Hiding a concussion is the worst thing an NFL player can do these days.
However, it unfortunately continues to occur in the locker room.
According to Jane McManus of ESPNNewYork.com:
"He came to my room and we talked about it," [Clyde] Gates told ESPNNewYork.com. "He was hurting real bad. I was like, 'Bro, I know, I've been down that road already. I'm just saying you can't try to tough it out cause your going to end up hurting yourself. You've got to let everybody know how you really feel.' "
There's simply no explanation as to why a player can justify hiding a concussion.
Yes, there are plenty of guys who don't want to sit out because of their competitive nature. Anyone possessing that kind of tough mindset is so crucial to a team.
But a head injury goes above and beyond anything else, because the game is more mental than physical. Given the complexity of football, regardless of level, having a clear and focused mind is needed to make snap decisions and in-game adjustments.
So, just from a strategic perspective, a player refusing to talk about potentially having a concussion is a disadvantage for that particular team. Even worse, though, are the health risks and implications.
In an article by Nadia Kounang of CNN.com back in September of 2012:
Just hours before the 2012 NFL season kicks off, a new study suggests that professional football players are three times more likely to have neurodegenerative diseases than the general population.
When researchers specifically looked at Alzheimer's disease and ALS -- amyotrophic lateral sclerosis, also known as Lou Gehrig's disease -- that risk increased to four times greater than the rest of us.
Studies have linked repeated concussions in football players to chronic traumatic encephelopathy, a neurodegenerative disease with Alzheimer's-like symptoms. Those symptoms can include depression, memory loss and mood swings.
This is the main reason why players, if they feel pain in their head, must reveal everything to team doctors and trainers
For anybody that has competed in football at any level, the risks taken to participate are known. At the same time, it is the player's responsibility to talk to coaches, trainers and doctors if they don't feel 100 percent.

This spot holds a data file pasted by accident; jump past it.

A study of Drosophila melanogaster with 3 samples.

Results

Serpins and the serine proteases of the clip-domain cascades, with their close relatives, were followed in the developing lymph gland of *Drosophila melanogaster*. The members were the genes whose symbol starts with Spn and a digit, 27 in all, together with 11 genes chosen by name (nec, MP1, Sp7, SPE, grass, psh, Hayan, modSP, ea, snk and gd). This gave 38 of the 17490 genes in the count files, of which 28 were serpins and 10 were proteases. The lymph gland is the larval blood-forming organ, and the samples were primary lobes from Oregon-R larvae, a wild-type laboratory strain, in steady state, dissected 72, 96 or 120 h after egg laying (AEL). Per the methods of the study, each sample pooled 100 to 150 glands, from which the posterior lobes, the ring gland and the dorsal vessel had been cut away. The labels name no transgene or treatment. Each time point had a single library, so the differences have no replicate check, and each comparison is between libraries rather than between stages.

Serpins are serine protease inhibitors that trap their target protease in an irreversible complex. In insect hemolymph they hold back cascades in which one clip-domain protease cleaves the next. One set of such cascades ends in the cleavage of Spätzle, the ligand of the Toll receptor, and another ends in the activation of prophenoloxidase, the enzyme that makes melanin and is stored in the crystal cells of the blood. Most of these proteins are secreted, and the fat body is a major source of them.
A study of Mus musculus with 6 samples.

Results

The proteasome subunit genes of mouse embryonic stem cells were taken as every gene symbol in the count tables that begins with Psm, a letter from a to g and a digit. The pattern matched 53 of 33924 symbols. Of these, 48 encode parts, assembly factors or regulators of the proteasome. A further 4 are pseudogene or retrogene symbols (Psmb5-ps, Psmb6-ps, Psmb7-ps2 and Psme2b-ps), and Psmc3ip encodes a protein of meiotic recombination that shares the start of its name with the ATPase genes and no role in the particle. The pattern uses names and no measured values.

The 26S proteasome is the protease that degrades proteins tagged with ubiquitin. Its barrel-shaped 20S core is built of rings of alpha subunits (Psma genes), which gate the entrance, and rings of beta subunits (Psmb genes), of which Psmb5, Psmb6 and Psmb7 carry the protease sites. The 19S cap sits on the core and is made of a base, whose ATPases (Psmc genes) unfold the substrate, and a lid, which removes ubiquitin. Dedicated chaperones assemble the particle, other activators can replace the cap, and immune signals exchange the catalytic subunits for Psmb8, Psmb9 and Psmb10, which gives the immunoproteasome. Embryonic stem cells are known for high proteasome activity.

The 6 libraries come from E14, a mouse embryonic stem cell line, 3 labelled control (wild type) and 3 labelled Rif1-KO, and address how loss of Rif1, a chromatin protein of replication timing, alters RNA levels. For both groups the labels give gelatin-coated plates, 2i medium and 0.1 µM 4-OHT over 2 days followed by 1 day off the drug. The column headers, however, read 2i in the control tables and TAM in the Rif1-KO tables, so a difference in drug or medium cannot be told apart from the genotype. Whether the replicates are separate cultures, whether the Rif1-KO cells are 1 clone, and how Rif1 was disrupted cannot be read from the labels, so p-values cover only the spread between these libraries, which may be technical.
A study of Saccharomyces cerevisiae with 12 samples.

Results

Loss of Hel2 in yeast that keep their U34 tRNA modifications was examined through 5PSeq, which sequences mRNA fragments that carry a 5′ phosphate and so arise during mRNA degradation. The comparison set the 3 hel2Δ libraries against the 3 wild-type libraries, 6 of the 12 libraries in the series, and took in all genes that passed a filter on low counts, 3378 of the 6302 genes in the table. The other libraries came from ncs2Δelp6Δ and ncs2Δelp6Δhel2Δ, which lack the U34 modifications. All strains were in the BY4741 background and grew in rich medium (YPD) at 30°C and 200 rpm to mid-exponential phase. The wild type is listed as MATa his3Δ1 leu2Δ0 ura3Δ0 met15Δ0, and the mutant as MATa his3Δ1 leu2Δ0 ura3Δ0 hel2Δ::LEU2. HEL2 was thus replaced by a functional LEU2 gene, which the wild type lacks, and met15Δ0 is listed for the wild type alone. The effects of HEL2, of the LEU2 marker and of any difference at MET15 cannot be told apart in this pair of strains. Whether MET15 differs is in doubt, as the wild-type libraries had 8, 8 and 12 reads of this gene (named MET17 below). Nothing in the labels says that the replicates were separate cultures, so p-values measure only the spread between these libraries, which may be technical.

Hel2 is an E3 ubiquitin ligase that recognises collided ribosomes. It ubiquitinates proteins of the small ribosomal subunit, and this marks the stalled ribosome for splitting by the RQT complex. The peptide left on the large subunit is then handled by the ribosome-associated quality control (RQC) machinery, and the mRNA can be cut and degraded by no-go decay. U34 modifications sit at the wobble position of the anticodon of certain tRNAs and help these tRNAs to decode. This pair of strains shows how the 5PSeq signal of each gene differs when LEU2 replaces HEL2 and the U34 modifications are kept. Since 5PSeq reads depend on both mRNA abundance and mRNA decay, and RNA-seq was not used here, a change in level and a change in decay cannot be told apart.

The one difficult thing about playing in the NFL; however, comes in the form of business. And since pro football is a business, money is at the root. From an article by Akbar Gbajabiamila of NFL Network earlier in December, Gbajabiamila discusses his first concussion:
I was fighting for a job and knew I couldn't afford to be knocked out. So I willed myself back to my feet.
When I went back in, I had difficulty understanding the defensive play calls, as if I was hearing them for the first time. I knew something wasn't right, but I kept going, hanging on to the following locker-room commandments: Get your mind right and Play the game with no regard to your personal safety.
Given that the NFL is a business, a player's living is made on the field. As for McElroy, it's quite reasonable to comprehend his desire to withhold his health information.
Reverting back to the article by Jane McManus of ESPNNewYork:
[Rex] Ryan said McElroy should have been honest with the trainers about his condition, but seemed to understand that McElroy didn't want to give up a starting opportunity in a league where they don't come easily. [Clyde] Gates said that was probably a consideration for McElroy.
He first came in relief of Mark Sanchez and led the Jets to victory over the Arizona Cardinals in Week 13.
Thereafter, McElroy received his first professional start against the San Diego Chargers in Week 16. And in spite of getting sacked 11 times, McElroy had Gang Green out front over the Bolts 14-10 at halftime.
Although the Jets weren't able to finish strong in the second half, it's obvious McElroy's competitive nature wanted another chance to get his first NFL win in 2012. Let's say that McElroy would have remained the starter for Week 17, he'd only be putting himself at greater risk of further damage.
Then again, that's the risk anyone with a competitive spirit is almost willing to take for the price of victory. Is it worth it, though?
No, because life off the gridiron is far too valuable, period.
Competing in football, or any other sport for that matter, is just a small part of an athlete's life. Undoubtedly, athletics are important and they can teach a person critical lessons.
One of those lessons; however, is also knowing when to speak up and willingly sacrifice the cost of winning for health: Because no injury is worth the long-term damage, especially concussions.